ISLAMABAD, Jan 12: After standing in long queues to get petrol, the residents of twin cities are in the line again but this time for CNG which is expected to be reopened from Sunday morning after the stay granted by Rawalpindi and Islamabad courts against closure of the stations.

The news of stay order was received with excitement and fear by both the CNG station owners and the consumers, as nobody was sure if CNG would be available on Sunday despite the court order.

“The main issue is that the government has been using various tactics to block the sale of CNG in Punjab,” said Ghayyas Paracha, chairman All Pakistan CNG Association.

Another issue which haunts the CNG dealers is how many outlets would be eligible to operate from Sunday as only 187 stations have obtained stay against the government decision.

The CNG would be available to the consumers at Rs74.44 per kg, with a hike of Rs12.80 per kg from Rs61.64.

The CNG crisis erupted when almost half of the 376 CNG stations in Rawalpindi and Islamabad went on strike against the cut in the CNG prices in the last week of October.

The Supreme Court had directed the petroleum ministry to rationalise the CNG prices.

Later, on December 30, 2012, the Sui Northern Gas Pipelines (SNGPL) ordered closure of CNG stations for the whole month of January and February in Punjab to improve gas pressure for domestic consumers.

However, 187 CNG station owners approached the district court Islamabad and obtained stay against the shutdown on Saturday.

Since Thursday, Friday and Saturday are the CNG loadshedding days in Potohar region, the sale is set to start at 6am on Sunday morning.

Despite confusion over opening of the stations, the CNG users started queuing up at various stations in the twin cities around midnight. Some of the commercial drivers left for home after putting their vehicles in the queue.

The restraining order against suspension of gas brought joy to the consumers especially the taxi drivers.

“The unavailability of CNG has created problems for us because passengers are not willing to pay fare in accordance with the petrol prices,” said Abdul Waheed, a taxi driver. The CNG is comparatively cheaper than petrol, he said.

Mohammad Fayyaz, a commuter, told Dawn that he paid Rs700 to a taxi driver from F-7 to Rawalpindi Saddar. “When the CNG was available, I used to pay Rs200 to Rs250 for the same route,” he added.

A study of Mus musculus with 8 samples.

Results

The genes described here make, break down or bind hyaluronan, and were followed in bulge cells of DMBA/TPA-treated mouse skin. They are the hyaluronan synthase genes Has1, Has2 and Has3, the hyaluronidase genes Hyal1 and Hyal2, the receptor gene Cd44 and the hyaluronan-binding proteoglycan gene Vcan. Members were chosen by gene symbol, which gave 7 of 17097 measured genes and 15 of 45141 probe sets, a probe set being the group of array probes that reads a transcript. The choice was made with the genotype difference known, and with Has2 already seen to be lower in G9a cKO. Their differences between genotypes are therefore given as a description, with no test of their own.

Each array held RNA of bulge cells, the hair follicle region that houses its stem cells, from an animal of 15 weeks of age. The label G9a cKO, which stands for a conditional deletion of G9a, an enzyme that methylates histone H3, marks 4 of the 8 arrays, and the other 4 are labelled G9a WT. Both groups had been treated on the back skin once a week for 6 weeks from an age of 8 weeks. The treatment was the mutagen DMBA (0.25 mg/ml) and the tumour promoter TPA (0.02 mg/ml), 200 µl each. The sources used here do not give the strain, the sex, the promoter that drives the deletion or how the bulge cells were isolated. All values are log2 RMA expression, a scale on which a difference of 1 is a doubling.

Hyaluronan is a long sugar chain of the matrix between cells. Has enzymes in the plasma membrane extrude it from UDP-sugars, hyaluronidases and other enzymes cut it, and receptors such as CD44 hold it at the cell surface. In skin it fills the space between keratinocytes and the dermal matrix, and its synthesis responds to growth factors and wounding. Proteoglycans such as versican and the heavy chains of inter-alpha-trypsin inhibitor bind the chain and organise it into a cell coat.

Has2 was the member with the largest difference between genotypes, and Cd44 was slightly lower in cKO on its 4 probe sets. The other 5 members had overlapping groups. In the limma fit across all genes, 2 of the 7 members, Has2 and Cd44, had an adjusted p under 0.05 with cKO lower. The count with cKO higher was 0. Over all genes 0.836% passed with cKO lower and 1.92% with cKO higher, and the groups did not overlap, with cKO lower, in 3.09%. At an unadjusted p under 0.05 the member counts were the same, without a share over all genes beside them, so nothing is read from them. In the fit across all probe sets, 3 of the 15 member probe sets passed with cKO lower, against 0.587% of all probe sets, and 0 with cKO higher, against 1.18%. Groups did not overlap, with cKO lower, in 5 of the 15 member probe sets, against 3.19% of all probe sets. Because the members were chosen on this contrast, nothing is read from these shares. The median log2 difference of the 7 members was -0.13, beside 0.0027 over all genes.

He expressed the hope that the taxi driver would also reduce the fare after opening of the CNG stations.

The announcement of CNG association for opening the stations, however, disturbed the domestic consumers who are already facing extreme shortage of gas.

Maliha Hameed, a housewife, said that the opening of CNG stations would cause further disruption to the already meager supply of the gas.

“Right now, one can cook food even late at night or early in the morning but the situation would not be the same after the CNG stations will resume sale of gas to the vehicle,” she added.

Meanwhile, a senior official of the SNGPL said that if the CNG stations started to operate, gas supply to the twin cities, which has so far been normal, would definitely be hurt.

Earlier, Asif Abbasi, the counsel for the CNG station owners, adopted before a local court of Islamabad that as per the licences issued to the CNG stations, the government was bond to provide them gas for 15 years without any break.

He said the SNGPL without issuing any notice to the CNG station suspended gas supply for an indefinite period.

He asserted that the CNG stations were being operated in accordance with the law and were paying their utility bills and government taxes.

He alleged that the SNGPL was selling the gas to the fertilizer sector to benefit a few people but had ignored the CNG sector which was catering to over 3 million vehicles.

He pointed out that despite suspension of gas to the CNG stations, the supply to the domestic consumers did not improve.

He claimed that the CNG sector ate up less than seven per cent of the total gas consumed in the country.

According to him, the indefinite suspension of gas to CNG stations is against the Article 18 of the constitution which protects the right of business and trade of the citizen.

The restraining order would enable the owners as well as the workers at the CNG stations to earn their livelihood in a respectable manner, advocate Abbasi told Dawn.